Steve Pitt, Chair of the YOU Group Board, reflects on the impact of unknowns the charity has faced in 2021.
For YOU Group Trustees the current year is dominated by two factors; the large number of our services that are going out to tender; and the long-term impact of COVID-19.
Donald Rumsfeld – the US politician who passed in June 2021 –said:
There are known knowns; there are things we know we know. We also know there are known unknowns; that is to say we know there are some things we do not know. But there are also unknown unknowns—the ones we don’t know we don’t know. – Donald Rumsfeld
The tender process takes us into the realm of “known unknowns”. In this case we can say we have confidence in our ability to write credible bids. However, we don’t know whether some of the financial thresholds work for us. We also don’t know for sure how our commissioners or competitors will respond.
As individuals, we know more and more about the impact of the pandemic. It’s common knowledge that people are facing more practical problems relating to debt, work, housing and education. So, these in turn are having profound consequences on mental health. For example, people who can normally be relied upon to be strong and supporting – family carers, staff – are struggling too. And this exacerbates the effects on people they are trying to support. That said, we have seen the value of communities pulling together, and of services that are agile and able to change to meet emerging needs.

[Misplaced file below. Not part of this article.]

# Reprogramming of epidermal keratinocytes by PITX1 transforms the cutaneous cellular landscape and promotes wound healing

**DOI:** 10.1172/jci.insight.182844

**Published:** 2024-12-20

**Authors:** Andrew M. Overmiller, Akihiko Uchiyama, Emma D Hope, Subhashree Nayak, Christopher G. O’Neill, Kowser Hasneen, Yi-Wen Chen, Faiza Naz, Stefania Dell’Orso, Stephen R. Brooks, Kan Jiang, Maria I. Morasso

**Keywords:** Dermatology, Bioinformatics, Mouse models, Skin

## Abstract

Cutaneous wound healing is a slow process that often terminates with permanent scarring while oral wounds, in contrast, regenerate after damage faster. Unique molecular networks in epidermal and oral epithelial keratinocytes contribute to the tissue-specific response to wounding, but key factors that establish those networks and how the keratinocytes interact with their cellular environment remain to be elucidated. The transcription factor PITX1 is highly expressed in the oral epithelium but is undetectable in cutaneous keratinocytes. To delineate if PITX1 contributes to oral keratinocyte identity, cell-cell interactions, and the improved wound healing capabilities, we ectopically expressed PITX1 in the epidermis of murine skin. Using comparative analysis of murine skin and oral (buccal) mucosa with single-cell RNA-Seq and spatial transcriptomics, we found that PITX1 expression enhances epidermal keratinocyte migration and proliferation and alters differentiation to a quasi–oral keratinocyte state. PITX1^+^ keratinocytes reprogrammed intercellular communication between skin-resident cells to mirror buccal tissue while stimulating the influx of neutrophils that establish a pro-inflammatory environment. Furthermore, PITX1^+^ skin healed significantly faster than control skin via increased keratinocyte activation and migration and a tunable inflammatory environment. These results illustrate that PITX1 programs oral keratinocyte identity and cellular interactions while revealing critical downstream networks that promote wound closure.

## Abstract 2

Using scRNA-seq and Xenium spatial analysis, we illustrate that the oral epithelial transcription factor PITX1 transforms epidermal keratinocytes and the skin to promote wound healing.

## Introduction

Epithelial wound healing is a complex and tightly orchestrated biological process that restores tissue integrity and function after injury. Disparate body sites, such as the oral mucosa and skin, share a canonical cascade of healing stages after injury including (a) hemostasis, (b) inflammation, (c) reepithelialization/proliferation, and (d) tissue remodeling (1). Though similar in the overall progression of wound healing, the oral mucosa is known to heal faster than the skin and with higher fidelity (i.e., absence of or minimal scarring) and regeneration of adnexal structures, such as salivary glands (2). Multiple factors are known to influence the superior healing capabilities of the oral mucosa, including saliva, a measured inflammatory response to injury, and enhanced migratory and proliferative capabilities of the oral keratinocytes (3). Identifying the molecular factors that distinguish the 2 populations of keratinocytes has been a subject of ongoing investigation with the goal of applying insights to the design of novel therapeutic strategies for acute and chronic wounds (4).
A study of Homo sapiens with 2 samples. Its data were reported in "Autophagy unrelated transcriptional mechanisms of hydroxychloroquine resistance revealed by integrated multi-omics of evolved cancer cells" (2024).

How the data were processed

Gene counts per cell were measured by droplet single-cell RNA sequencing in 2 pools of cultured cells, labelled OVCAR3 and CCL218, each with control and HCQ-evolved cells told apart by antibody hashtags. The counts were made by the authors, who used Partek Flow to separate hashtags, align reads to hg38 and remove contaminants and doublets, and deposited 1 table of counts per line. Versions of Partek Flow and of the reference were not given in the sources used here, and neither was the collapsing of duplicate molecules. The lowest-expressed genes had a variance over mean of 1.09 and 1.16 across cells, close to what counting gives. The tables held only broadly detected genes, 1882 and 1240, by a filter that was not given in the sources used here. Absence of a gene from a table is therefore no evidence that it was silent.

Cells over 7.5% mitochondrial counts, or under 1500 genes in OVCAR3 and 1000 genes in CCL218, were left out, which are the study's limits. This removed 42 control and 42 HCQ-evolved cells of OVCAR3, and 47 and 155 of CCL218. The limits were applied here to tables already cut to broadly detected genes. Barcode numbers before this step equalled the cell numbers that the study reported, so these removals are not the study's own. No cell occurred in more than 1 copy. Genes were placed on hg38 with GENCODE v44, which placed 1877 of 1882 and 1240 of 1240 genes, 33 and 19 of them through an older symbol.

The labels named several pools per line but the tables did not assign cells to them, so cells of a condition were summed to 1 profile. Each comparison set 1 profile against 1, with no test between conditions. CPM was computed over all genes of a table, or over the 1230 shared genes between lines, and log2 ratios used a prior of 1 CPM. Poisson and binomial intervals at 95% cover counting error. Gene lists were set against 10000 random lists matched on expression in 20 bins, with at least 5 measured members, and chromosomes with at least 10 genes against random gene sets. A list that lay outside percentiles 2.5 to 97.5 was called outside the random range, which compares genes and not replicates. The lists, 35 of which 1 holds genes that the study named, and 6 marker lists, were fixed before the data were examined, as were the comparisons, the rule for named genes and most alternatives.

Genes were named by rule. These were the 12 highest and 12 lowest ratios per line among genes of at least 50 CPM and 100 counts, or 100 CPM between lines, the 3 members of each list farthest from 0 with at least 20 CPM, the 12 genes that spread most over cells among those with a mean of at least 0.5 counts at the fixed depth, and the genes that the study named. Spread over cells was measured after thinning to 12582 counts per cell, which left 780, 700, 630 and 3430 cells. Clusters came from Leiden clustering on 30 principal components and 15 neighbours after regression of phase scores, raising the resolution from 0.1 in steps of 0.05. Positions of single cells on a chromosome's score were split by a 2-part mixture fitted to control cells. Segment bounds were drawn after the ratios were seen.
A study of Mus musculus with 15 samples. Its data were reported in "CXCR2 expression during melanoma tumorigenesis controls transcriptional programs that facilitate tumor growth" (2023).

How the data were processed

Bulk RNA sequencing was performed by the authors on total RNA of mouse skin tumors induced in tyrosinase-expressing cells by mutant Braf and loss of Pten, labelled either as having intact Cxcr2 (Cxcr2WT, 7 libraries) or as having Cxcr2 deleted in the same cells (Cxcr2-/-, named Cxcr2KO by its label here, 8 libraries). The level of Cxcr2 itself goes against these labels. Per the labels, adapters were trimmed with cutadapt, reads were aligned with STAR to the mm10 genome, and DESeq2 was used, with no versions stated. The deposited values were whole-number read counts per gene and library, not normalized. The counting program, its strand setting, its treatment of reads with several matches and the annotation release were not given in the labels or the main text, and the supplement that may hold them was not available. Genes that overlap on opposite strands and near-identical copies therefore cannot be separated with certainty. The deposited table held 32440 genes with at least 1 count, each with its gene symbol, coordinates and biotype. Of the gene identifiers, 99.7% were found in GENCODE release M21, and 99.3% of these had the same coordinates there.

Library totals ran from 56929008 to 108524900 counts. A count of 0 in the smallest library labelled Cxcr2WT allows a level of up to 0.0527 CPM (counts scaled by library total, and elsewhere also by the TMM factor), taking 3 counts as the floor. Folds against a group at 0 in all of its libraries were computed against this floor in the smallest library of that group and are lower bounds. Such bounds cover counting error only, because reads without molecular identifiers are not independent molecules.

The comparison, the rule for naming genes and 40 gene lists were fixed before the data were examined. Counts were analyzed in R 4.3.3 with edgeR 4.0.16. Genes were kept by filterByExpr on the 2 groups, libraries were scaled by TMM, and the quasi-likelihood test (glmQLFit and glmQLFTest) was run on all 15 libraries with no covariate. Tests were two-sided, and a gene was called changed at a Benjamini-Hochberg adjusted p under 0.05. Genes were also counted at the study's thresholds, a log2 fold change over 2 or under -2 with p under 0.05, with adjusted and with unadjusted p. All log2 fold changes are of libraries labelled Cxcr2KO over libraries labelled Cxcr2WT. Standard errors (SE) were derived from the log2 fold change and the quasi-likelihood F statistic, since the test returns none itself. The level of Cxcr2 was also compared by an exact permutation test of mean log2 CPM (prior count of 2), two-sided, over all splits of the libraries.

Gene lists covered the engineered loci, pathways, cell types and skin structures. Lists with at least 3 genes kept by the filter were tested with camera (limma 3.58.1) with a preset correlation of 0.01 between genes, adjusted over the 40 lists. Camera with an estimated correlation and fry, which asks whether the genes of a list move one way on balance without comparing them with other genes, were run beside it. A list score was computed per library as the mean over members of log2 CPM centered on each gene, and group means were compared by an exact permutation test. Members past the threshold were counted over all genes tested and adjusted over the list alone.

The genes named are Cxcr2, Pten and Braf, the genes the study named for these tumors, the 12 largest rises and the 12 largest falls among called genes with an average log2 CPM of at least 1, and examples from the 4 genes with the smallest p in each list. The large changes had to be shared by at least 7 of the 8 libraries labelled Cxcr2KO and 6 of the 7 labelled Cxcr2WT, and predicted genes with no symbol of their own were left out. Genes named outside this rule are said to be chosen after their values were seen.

The world is a lot less certain. But perhaps we should think it ok that we don’t know.
But there are some aspects of COVID that we have yet to really perceive or understand – “unknown unknowns”. Many have yet to understand how the experience has affected them. Perhaps some don’t like to say that they are struggling. Some may have been ‘re-wired’ by the experience. Others affected more by the fear-based messaging that we have been exposed to and some may be ‘lost in isolation’ after months of lockdown.
The world is a lot less certain. But perhaps we should think it’s OK that we don’t know. There are management thinkers who suggest that the words “I don’t know” are the most important words a leader can say. Why? Because it makes it safe for others in an organisation to say “I don’t know” too. We have to use this as an opportunity to work with our staff, partners and local communities to co-produce different solutions to emerging issues. Time will tell what the impact of unknowns will have on us.